Andrew Butrica's new book is part of a growing literature on the politics of space. The best known work in this genre is Walter McDougall's Pulitizer Prize-winning volume, "...the Heavens and the Earth." While McDougall's work was written in the early 1980s (published in 1985), still inside the framework of the Cold War, "Single Stage to Orbit" is able to take a more wholistic approach allowed by the passage of more time. That is also partly because Butrica's subject focuses on a single type of space hardware after its demise. His analysis clearly extends and to some extent revises McDougall's conclusions about the nature of technocracy in modern American society.
Butrica does a brilliant job explicating how the American political right gained hold of the ideology of progress in the last two decades of the twentieth century. His goal is to place the history of the Strategic Defense Initiative Office/"single stage to orbit" spaceplane effort in the context of the United States' well-documented political "right turn" of the past two-plus decades. He is very successful in examining the foundation and growth of the "conservative space agenda" and its linkage to various space advocacy groups. He also shows how conservative space advocates were able to manipulate the political system to achieve funding for their technological goal, a "Single Stage to Orbit (SSTO)" reusable launch vehicle.
Butrica's book is the only book-length history of SSTO technologies other than memoirs of participants, and hence it addresses an important original topic. What makes the book worthy of serious and sustained attention, however, is its explicit examination of the "politics of space" and its linkage of space politics to a specific set of technologies and management practices. The conservative space agenda he reveals in this book has not yet been the subject of historical analysis, and this is the book's primary contribution to the space history literature.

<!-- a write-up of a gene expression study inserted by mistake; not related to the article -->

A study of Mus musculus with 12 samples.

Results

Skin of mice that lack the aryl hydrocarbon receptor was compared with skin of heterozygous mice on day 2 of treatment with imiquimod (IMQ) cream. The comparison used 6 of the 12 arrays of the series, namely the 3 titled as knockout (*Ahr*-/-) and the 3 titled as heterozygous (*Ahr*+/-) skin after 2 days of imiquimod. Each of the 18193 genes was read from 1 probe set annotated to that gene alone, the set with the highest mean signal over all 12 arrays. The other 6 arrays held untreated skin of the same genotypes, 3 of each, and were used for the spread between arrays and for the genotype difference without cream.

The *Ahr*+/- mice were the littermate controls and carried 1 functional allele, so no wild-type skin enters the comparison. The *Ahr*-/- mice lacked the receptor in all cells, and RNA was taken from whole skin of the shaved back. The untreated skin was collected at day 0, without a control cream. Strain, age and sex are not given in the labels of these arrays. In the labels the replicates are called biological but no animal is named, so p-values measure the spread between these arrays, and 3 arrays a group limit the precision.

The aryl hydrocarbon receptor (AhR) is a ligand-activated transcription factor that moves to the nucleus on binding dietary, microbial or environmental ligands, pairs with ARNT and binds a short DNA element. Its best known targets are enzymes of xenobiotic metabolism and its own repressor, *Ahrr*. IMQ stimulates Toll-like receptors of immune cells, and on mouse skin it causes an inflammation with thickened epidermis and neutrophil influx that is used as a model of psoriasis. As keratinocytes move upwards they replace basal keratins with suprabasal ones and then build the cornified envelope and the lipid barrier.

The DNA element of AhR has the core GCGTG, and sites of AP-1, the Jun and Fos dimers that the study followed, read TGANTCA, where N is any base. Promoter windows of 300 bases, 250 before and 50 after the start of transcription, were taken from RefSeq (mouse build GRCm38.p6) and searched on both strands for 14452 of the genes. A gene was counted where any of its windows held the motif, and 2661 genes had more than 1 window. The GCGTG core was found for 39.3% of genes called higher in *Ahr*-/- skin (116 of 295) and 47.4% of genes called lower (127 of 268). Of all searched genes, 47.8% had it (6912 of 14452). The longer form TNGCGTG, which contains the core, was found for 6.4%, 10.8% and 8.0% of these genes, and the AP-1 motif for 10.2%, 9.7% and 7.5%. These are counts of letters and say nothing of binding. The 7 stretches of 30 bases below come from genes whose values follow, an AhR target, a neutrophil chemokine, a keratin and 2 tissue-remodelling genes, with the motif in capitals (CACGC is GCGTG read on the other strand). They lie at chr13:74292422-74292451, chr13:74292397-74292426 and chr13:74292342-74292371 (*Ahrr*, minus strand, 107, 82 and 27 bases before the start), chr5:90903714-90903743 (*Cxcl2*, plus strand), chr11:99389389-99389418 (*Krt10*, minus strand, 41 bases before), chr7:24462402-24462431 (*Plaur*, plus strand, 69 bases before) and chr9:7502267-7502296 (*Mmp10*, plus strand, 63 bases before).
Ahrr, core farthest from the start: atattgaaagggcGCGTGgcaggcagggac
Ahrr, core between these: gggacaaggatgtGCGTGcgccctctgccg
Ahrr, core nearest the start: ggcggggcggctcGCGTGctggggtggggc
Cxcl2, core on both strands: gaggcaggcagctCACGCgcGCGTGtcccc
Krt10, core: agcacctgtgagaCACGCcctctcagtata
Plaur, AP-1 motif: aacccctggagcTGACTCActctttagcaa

In itself, there is nothing overwhelmingly compelling about the story of SSTO. It was an effort begun in the 1980s, emphasized by Reaganite technological afficianadoes, to create a new space access capability through the development of a new space launcher. SSTO had long been the "holy grail" of spaceflight, the creation of a vehicle that could take off like an airplane, accelerate to hypersonic speeds, reach orbital velocity and enter orbit, and then return from space and land like an airplane on a runway. This is a very complex flight regime and one that has been impossible to achieve up to this time. Most engineers have thought it unachievable, and appropriately so, but it remained an enticing goal.
During the Reagan administration, some enthusiasts argued that technological stretch could make possible the "single stage to orbit" goal, and they achieved approval for a succession of SSTO programs. The tensions of the story are those of domestic politics and of engineers associated with industry versus those with government. The story plays out over several design projects from the National Aerospace Plane (NASP) through the DC-X to the X-33 of the 1990s. The story of these efforts is told in detail in this important new book.